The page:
Top and bottom photos are both Pachystachys lutea. They grow vegetatively during the rainy season and flower abundantly this time of year, when rains are nowhere to be seen. I always cut these hedge to a foot high just before the start of the rainy season. This area is sloping, so they help prevent erosion here. Planted below the Pachystachys is the Pedilanthus tithymaloides which is shorter with more branching, with other branches creeping on the ground to further delay erosion.
Our Sansevieria trifasciata started with the yellow stripes at the edges of leaves. Eventually, this yellow stripe was gone reverting into the original greenish form. I realized that stolons produce true-to-type striped form, but leaves produce only the green form. Green forms multiply and grow faster than the stripe forms, so i guess eventually our hedges will be mostly that of green. They also flower year round most predominantly during the dry season. Blooms are slightly scented. I will eventually deliberately plant the striped ones and get rid of the green. I can relate very well to its common name as snake plant with how it looks, however i still searched why another name is 'mother-in-law's tongue'. It revealed that the name is because of its sharpness! Hmmm, are mother-in-laws' tongue sharp???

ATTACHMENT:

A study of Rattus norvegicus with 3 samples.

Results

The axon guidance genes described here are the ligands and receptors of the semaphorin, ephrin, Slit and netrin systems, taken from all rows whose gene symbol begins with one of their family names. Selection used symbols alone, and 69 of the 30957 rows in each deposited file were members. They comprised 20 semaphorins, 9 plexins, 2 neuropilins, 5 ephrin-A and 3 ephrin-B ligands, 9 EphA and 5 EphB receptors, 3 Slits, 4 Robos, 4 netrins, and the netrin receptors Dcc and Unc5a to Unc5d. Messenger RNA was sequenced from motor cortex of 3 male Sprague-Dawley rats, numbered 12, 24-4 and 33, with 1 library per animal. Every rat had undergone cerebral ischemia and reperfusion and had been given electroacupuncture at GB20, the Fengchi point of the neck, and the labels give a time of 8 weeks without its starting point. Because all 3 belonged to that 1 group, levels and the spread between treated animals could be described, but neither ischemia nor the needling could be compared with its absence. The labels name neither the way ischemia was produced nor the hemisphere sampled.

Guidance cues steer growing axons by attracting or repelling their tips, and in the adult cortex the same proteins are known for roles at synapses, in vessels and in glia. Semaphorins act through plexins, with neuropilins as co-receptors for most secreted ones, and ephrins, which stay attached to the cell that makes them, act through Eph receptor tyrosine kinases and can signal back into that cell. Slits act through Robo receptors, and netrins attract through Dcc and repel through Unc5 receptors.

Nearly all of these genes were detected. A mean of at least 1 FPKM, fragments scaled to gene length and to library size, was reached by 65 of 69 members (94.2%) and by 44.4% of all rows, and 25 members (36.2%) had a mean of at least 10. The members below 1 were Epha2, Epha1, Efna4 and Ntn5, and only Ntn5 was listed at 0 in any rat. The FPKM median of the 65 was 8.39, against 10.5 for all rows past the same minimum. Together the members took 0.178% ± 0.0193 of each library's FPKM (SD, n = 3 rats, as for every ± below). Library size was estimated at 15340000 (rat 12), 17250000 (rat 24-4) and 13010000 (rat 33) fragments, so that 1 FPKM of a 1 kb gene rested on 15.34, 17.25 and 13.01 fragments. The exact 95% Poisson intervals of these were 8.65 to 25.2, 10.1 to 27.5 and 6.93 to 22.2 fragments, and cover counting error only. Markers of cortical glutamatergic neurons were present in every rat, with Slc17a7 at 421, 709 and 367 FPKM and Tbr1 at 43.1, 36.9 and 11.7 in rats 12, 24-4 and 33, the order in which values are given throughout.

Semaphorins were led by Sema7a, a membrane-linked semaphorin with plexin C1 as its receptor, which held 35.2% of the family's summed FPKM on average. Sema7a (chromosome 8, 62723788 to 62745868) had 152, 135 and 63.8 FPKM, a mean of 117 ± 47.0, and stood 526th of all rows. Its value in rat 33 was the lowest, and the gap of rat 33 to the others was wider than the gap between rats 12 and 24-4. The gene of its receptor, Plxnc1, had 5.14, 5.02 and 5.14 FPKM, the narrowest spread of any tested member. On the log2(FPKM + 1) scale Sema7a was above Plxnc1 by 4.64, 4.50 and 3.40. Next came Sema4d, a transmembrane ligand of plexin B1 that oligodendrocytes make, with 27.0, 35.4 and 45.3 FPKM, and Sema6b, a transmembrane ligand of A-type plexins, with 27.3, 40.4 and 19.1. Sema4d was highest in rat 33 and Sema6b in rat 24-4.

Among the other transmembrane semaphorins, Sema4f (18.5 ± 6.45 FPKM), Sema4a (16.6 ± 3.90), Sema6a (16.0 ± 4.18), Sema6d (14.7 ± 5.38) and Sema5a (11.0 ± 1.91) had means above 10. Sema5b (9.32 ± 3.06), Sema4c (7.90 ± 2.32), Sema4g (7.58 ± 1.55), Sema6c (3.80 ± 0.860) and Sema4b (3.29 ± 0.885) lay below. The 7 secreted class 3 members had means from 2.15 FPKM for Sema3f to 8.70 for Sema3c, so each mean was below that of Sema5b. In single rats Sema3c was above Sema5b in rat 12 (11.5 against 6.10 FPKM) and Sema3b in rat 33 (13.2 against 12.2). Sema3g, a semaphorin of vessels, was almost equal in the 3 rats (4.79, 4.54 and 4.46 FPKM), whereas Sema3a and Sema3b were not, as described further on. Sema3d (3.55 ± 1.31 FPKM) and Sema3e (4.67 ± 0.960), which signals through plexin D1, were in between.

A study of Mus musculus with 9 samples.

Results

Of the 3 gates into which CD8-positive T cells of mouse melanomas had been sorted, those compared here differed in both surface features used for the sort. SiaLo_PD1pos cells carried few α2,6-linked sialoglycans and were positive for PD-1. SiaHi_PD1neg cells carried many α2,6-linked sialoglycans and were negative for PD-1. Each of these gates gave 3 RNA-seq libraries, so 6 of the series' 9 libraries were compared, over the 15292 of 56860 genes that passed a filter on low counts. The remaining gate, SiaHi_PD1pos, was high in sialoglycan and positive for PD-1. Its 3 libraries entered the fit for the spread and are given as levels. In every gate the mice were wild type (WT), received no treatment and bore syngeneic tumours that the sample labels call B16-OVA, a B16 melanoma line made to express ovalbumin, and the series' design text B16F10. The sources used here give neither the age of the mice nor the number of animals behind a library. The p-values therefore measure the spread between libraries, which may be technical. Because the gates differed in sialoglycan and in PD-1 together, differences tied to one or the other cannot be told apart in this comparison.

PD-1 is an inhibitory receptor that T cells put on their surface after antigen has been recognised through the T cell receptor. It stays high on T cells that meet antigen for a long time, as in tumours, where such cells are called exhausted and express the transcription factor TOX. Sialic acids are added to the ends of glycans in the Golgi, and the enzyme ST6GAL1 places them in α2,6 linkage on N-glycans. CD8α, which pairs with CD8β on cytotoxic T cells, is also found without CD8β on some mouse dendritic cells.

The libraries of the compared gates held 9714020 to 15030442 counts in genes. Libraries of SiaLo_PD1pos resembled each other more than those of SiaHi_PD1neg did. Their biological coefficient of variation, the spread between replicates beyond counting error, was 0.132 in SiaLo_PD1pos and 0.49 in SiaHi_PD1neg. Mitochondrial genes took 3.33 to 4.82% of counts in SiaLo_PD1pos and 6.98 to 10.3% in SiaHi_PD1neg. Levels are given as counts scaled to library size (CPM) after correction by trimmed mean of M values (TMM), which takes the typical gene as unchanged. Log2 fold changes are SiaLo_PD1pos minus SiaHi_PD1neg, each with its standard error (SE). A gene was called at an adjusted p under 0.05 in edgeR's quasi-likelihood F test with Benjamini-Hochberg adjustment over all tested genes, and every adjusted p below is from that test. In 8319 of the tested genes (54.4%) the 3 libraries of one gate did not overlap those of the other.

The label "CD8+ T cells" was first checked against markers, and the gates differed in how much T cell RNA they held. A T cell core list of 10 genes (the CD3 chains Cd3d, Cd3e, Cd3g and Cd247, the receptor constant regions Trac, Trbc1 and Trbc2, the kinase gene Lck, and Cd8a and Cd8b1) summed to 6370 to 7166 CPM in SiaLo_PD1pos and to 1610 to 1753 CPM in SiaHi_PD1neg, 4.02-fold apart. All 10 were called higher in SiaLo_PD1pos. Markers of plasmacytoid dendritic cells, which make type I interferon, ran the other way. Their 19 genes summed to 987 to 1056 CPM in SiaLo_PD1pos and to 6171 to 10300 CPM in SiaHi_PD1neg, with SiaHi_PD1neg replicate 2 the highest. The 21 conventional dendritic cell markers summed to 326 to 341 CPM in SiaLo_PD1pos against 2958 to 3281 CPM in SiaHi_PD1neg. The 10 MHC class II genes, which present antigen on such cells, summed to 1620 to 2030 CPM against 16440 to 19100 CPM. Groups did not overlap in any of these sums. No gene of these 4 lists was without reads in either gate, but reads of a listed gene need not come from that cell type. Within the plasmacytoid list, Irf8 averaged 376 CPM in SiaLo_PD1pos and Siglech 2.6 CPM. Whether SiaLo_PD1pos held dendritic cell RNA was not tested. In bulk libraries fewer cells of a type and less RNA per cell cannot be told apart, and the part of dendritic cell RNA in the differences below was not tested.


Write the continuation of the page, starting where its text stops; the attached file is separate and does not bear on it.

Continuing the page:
This is a tall hedge of golden Duranta repens, named so because of the golden leaves. It is very common as hedges along local roads in our municipality. This particular one is allowed to grow tall without much pruning, allowing the flowers to become this golden berries. The butterflies and bees love the flowers, but i haven't seen anyone eating the berries. It is a lovely sight too.
Our Hippeastrum puniceum has been growing in hedges within the yard. They are perennially on the ground, rain or shine, rainy or dry season. They lost dormancy at the start of the first heavy rains in May, however something happened to them this year that some bulbs bloomed without the rains. My plant physiology knowledge has been extremely challenged by this phenomenon. These variety normally produce tall flower canes of 1-2 ft at fool bloom. However, bulbs i sent to a friend in Malaysia produced very short canes but maintained the flower sizes. I am really perplexed as to what environmental conditions affected what hormones, to alter its reproductive physiology affecting morphological characteristics. This unusual observation might put my mind into a limbo, until this is explained. If anybody knows the explanation, i will be very appreciative if you enlighten me.